Corn Hits 52-Week High: Market Bits


NEW YORK (TheStreet) -- Corn prices retreated Thursday after reaching a 52-week high earlier in the session in anticipation of shrinking inventories.

Corn for May delivery closed at $7.60 ¼ a bushel, down 0.4%, pulling back after scaling to a peak of $7.73 ¼ earlier in the session.

One main reason for the retreat was concern over Japan's ability to import corn after the country was hit by another earthquake on Thursday.

"That caused shock in entire commodity pit today," MaxYield Cooperative analyst Karl Setzer said. "We also saw some profit-taking ahead of tomorrow's planned stockpile report ... corn futures are finding pressure after setting new highs in recent trade as values have quickly become overpriced in the world market."

The U.S. Department of Agriculture is expected to release estimates for corn inventories Friday, and a Bloomberg survey of analysts indicates that the government could slash its estimate for corn stock on Sept. 1 by up to 13%. This, as demand for ethanol and livestock feed accelerates.

There are some questions, however, about whether the grain report will actually be released tomorrow, given the possibility of a government shutdown at midnight on Friday.

Corn inventory on March 1 fell 15% from a year ago, the government reported last week.

Ethanol producer Pacific Ethanol ( PEIX) was falling 2.6% to 53 cents, while grain transporter Archer Daniels Midland ( ADM) was down 0.6% to $36.33.

Corn processor Corn Products International ( CPO) was falling 1% to $51.57, while meat processor Tyson Foods ( TSN) was losing 0.3% to $19.24.

Weaker corn export sales had also exerted some pricing pressure for the May contract. The USDA on Thursday reported that net corn sales for the March 25 to 31 period was 619,600 metric tons, down 68% from the previous week. "Not only has export interest dipped to its lowest level in four weeks, but we are seeing indications domestic usage is slipping as well," said Setzer.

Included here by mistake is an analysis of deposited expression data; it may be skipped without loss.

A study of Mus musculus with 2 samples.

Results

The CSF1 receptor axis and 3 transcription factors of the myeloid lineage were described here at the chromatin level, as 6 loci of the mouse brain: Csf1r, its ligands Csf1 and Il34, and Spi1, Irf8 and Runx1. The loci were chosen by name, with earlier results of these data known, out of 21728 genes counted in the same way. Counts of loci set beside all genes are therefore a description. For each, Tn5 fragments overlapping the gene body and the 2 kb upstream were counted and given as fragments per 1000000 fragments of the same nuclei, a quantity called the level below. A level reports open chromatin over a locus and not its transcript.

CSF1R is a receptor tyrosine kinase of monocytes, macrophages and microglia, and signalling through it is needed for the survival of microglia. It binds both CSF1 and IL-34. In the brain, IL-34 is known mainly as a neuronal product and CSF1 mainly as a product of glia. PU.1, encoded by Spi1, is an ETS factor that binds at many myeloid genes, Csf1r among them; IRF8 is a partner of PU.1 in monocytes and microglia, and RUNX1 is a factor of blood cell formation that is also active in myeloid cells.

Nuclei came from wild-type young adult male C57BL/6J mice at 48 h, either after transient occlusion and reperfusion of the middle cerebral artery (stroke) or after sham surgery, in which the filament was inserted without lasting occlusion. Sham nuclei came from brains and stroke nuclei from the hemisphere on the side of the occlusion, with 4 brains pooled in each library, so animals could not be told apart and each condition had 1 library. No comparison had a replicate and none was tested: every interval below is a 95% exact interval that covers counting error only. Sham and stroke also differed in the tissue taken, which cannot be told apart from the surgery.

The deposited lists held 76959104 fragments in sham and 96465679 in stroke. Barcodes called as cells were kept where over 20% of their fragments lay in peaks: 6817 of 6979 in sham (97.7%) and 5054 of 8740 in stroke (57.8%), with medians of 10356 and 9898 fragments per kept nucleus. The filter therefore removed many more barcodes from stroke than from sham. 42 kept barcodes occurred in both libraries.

May wheat futures fell 1.1% to finish trading at $7.73 1/2 a bushel on the possibility that favorable planting conditions were returning to the big winter wheat-producing parts of the United States, many of which have been suffering from drought.

"When you start see chances of rain, you see risk premium pulled out of the futures commodity market," Setzer said. "They're just reducing their risk premium in case those forecasts do come true." Even a slight change in forecasts can trigger a response from the markets.

The analyst said that Russia's decision to re-enter the wheat export market was also putting pressure on wheat futures. The country had banned wheat exports since last August as they conserved wheat during their own wheat drought.

Weather.com says showers and thunderstorms are developing in Kansas, isolated severe thunderstorms are forming in northern Oklahoma, and windy conditions are to be expected in western Texas.

But AccuWeather.com warns that fire danger for the major winter-wheat producing states of Kansas, Oklahoma and Texas may persist through the weekend due to dryness and windiness.

"Very little relief from the drought is in sight. Above-normal average temperatures are rampant across the region, and little rainfall is expected over the next week or so," according to AccuWeather.com

Food stocks were trading in mixed territory. Sara Lee ( SLE) was up 0.7% to $18.31, General Mills ( GIS) was down 0.6% to $35.97 and Kellogg ( K) was falling 0.5% to $54.